Martin Hannan: Budget critics cut to the quick

Public toilets were a hot topic of debate at the city council budget meeting. Picture: Bill Henry
Public toilets were a hot topic of debate at the city council budget meeting. Picture: Bill Henry

This thought occurred to me on Thursday morning as I watched the council budget meeting via the 
webcast. For more than two hours, despite speakers being limited to ten minutes, deputation after deputation listed their concerns about the budget that the council was about to set with its litany of cuts, or “savings” as the council reports have them.

The criticisms of the council were comprehensive and devastating.

All of the speakers were representing people who will be damaged by these cuts. Trade unionists, tenants representatives, members of charitable organisations, and just concerned citizens all sat and quietly eviscerated the council – verbally, of course, but you could see that their criticisms hurt.

For this was not what councillors were elected to do. Excepting the few who are outrightly on the make, and those who are just time servers and lobby fodder, most decent councillors were elected to serve their fellow citizens, and I genuinely believe that the majority of the city’s councillors are in that category – they want to do something good for Edinburgh and its people.

It should be a positive job – one where you can actually make a difference for people. You may not change the world, but you can definitely change people’s lives in small ways for the better.

Then they traipse along last Thursday morning and are faced with the prospect of closing this or that facility – public toilets seemed to cause particular ire – or running down services that they had hoped to boost and improve.

Most pertinently of all, on Thursday the council voted to go ahead with the reduction of middle management by some 1200 posts. How they are going to achieve that cut in numbers without compulsory redundancies will be a feat bordering on the miraculous. I just can’t see that it is possible, and anyone who thinks there will be no impact on council services or the remaining staff is frankly daft.

I have heard only one councillor admit the truth in recent weeks, and she wasn’t from Edinburgh. Rhondda Geekie, leader of East Dunbartonshire Council, was honest enough to say that the budget cuts in her council “will impact on service delivery”.

You didn’t hear much of that talk in the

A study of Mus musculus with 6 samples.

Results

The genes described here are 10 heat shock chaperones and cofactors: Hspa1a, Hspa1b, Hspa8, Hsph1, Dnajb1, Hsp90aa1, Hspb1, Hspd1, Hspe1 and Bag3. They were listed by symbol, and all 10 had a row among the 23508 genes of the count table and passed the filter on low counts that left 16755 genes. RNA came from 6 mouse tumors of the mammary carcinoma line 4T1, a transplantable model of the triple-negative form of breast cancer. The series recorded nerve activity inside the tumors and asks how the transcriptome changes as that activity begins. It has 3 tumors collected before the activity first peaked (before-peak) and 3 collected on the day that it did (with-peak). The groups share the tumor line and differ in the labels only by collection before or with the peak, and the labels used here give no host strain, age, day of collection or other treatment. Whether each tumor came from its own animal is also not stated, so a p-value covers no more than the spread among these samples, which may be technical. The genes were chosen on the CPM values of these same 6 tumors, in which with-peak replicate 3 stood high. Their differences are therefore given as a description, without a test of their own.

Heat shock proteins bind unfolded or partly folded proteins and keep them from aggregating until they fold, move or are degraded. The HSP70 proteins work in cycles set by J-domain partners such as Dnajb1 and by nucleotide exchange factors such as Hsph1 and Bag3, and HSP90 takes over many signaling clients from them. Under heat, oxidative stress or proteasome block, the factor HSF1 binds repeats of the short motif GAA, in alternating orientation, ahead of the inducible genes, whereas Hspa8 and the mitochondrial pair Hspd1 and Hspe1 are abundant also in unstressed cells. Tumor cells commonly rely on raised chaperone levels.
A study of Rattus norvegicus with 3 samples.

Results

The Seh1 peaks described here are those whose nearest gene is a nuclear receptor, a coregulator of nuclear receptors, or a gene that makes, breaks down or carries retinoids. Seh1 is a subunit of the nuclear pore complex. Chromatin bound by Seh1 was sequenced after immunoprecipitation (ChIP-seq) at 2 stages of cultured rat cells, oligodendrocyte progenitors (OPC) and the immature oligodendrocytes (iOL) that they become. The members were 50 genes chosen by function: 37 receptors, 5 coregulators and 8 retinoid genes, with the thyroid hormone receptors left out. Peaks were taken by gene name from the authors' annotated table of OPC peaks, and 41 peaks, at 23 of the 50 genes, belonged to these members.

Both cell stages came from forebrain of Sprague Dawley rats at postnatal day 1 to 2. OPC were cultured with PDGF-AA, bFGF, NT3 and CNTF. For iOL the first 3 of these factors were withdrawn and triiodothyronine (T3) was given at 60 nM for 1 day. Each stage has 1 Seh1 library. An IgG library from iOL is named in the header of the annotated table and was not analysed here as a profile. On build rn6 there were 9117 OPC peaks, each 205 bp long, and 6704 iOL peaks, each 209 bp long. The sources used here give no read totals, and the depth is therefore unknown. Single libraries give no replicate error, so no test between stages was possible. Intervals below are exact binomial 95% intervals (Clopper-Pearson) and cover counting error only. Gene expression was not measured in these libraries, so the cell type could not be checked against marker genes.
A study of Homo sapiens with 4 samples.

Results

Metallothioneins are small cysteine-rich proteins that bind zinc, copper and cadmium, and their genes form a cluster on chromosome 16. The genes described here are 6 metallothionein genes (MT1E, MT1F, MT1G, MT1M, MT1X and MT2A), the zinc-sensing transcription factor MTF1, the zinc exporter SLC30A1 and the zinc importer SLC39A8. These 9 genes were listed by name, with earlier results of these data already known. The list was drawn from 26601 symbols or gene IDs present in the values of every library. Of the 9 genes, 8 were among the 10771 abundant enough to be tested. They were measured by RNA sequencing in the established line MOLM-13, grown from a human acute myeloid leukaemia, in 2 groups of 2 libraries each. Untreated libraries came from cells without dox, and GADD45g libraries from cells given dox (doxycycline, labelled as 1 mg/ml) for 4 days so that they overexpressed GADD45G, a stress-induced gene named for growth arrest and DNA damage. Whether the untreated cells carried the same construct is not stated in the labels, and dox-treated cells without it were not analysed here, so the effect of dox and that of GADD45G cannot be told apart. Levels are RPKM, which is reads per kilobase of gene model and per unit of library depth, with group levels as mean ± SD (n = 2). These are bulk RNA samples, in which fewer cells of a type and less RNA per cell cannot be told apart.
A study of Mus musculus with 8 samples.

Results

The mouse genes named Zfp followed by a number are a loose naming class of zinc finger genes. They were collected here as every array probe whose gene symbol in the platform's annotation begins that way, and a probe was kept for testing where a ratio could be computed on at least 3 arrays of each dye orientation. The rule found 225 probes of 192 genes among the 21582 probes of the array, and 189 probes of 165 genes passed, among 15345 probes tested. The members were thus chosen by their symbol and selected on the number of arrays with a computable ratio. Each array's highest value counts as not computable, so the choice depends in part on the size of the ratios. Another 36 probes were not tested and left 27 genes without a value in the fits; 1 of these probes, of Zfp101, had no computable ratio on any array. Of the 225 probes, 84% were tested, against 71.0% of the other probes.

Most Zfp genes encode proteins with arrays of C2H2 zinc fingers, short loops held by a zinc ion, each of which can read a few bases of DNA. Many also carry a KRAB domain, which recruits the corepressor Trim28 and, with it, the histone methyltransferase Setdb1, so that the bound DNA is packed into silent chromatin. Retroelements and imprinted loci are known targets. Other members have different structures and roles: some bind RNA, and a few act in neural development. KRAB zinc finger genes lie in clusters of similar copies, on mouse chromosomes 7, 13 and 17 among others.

council chamber. It was a sombre, sober meeting that changed the way Edinburgh council is going to be run in future. It was also a genuine exercise in democracy, and congratulations to the people who were given the chance to speak and took it with aplomb.

As it happens, I don’t yet agree with Linda Garcia of the Women’s International Group who said “this is a broken council failing its people”. That time may come, but this SNP member accepts that, at the moment, the Capital coalition is holding things together – just. If you don’t believe that, ask yourself how much worse would the cuts have been had the Conservatives been in control. Armageddon, anyone?

Meanwhile, all the talk of unfreezing council tax and pressurising the Scottish Government to give more money to local government is wrongly directed. The real culprits are in Westminster – Cameron, Clegg, left, Osborne and the rest who attack the poor and public services. Come May, let’s turf them out.

No disgrace in this company

SO Edinburgh is the fourth most beautiful city after Paris, Florence and Rome, pictured? I have visited those three cities on numerous occasions and indeed lived in Rome for more than a year, so I can only agree with the verdict of the Rough Guide readers who did the voting. Better fourth than nowhere, I say.

Plainly speaking, it’s just gibberish

Sometimes I despair of council officials and their fascination with using language that the rest of us can barely comprehend.

One phrase from the council budget report is surely a candidate for the Plain English Campaign’s Gobbledygook awards.

What exactly does “delivery of procurement transformational efficiencies” mean?

I think it means that the council is going to find better and cheaper ways of spending public money, but I am not exactly sure.

The council goes out of its way to improve communications with the public, but using this sort of language is not helpful at all. Keep It Simple, Stupid.

A lasso? Pull the udder one!

I SWEAR this story is true because the person concerned told me so herself.

A lady friend of mine, who shall remain nameless to protect the guilty, was driving up a country road during the recent icy weather when her car got stuck fast in the snow and slush.

Being self-reliant, she began to look for ways of getting the car out by herself. Then she noticed a piece of rope hanging from a gate, beside which a cow was looking at her vacantly.

You’ve guessed it. Calamity Jane set about lassoing the cow to help her pull out the car. Just in time the farmer arrived and funnily enough, he did not see the funny side.